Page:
Smithsonian's Natural History Museum Reopens After Emergency Repairs
The Smithsonian's Natural History Museum closed briefly Thursday for emergency technology repairs. The museum has announced that it is now open for visitors. According to reports, "a malfunction of its information-technology network necessitated the repairs."
The museum said that none of its collections have been damaged.
The National Museum of Natural History (NMNH) is part of the Smithsonian Institution, the world's preeminent museum and research complex. The Museum is dedicated to inspiring curiosity, discovery, and learning about the natural world through its unparalleled research, collections, exhibitions, and education outreach programs. Opened in 1910, the green-domed museum on the National Mall was among the first Smithsonian building constructed exclusively to house the national collections and research facilities.
Whether looking at the history and cultures of Africa, describing our earliest Mammalian ancestor or primate diversity around the world, examining ancient life forms including the ever popular dinosaurs, or exploring the beauty of rare gemstones such as uniquely colored diamonds, the Museum's temporary and permanent exhibitions serve to educate, enlighten and entertain millions of visitors each year. The main building on the National Mall contains 1.5 million square feet of space overall and 325,000 square feet of exhibition and public space; altogether the Museum is the size of 18 football fields, and houses over 1000 employees. With a growing network of interactive websites, the Museum is transforming itself into a hub for national and international electronic education, accessible to anyone with access to the internet.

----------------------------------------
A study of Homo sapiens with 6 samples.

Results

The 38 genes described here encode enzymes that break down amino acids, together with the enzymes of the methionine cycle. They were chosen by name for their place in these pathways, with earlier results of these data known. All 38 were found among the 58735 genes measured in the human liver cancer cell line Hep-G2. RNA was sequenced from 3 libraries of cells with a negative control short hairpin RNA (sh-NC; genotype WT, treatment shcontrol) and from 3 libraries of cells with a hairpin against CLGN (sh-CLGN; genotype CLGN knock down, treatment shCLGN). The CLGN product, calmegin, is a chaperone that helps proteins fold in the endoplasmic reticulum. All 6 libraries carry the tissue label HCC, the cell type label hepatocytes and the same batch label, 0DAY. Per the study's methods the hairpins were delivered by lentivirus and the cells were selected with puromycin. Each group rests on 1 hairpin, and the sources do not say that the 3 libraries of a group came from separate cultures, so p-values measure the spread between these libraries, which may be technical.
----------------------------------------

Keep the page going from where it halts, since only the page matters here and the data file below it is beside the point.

At the center of the Museum's exhibition and research programs are its expertly documented collections: more than 126 million natural science specimens and cultural artifacts. Just to name a few of our museum holdings, the collections include 30 million insects carefully pinned into tiny boxes; 4½ million plants pressed onto sheets of paper in the Museum's herbarium; 7 million fish in liquid-filled jars; and 2 million cultural artifacts, including 400,000 photographs housed in the National Anthropological Archives. Over 3½ million specimens are out on loan each year; over 15,000 visitor days are spent in the collections; and there are almost 600,000 additional visits to collection data bases available on the Web.
The Museum includes a state-of-the-art collections storage facility in Suitland, Maryland; a marine science research facility in Ft. Pierce, Florida; and field stations as far away as Belize, Alaska, and Kenya. Research activities are organized into seven departments, and a number of affiliated U.S. government agencies on-site contribute to the Museum's strength, including the Department of the Interior (U.S. Geological Survey Biological Resources Division), the Department of Agriculture (Systematic Entomology Laboratory), the Department of Commerce (National Marine Fisheries Service Systematics Laboratory), and the Department of Defense (Walter Reed Biosystematics Unit).
Through its research, collections, education and exhibition programs, NMNH serves as one of the world's great repositories of scientific and cultural heritage as well as a source of tremendous pride for all Americans.